So it's the holiday season and all that, and of course much thinking has been generated from an argument an NF friend and I had.
Their point is that they only appreciate gifts because it symbolizes a bond between the giver and reciever, and they only appreciate the gift, whatever it is, for that sole purpose regardless of what it is or what it may do. A broader example was that they would appreciate a million dollars for forever unless I killed their mother and then they'd use that million dollars to "betray" me, as I had betrayed the bond. (something like that it bothers me and I don't understand it at all, especially given their immense NF-itude at the state of the world BUT ANYWAY NOT THE POINT)
My general view is that, while gifts are appreciated for their value monetarily and what a gift would mean coming from a particular person, I'm geared toward appreciating a gift for it's usefulness to me specifically. I don't need any more meaningless junk. (The million dollars would be appreciated as long as I had a good use for it. If the giver killed my mother I'd still keep and use their gift to its full potential)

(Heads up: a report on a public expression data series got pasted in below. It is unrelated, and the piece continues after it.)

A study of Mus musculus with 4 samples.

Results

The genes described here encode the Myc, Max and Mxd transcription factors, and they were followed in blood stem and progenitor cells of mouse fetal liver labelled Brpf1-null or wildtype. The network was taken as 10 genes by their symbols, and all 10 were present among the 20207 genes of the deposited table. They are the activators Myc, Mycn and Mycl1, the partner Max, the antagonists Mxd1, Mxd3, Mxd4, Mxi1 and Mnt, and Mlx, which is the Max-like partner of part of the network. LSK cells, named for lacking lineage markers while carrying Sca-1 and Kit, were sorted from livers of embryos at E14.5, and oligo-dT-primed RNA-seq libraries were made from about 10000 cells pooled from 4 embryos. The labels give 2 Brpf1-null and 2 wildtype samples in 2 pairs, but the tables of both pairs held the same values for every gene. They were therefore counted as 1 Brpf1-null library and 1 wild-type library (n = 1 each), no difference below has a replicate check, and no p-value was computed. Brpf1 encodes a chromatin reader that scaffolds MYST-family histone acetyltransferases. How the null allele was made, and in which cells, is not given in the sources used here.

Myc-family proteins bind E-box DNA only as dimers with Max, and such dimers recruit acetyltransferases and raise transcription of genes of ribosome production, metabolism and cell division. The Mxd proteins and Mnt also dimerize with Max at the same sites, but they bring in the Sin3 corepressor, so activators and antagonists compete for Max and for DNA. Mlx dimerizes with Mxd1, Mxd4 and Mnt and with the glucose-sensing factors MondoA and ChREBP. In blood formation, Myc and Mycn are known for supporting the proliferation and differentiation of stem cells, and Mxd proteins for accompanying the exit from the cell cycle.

It was a thought that children, though deemed selfish or ungrateful, only appreciate the gifts they deem useful or needed/wanted at the time. While many children have not developmentally reached the planning for the future stages of development, the fact still remains that you can tell a good gift by the look on their face and the amount of time they play with it.
So I ask you, Typology central, what do you believe the "purpose" of gift-giving is? To indicate a bond or to show appreciation? To improve efficiency or increase brownie points from the reciever? Or even, to serve as a social obligation nessecary in keeping a good social immage.
I expect this will vary wildly with type, age, role, etc.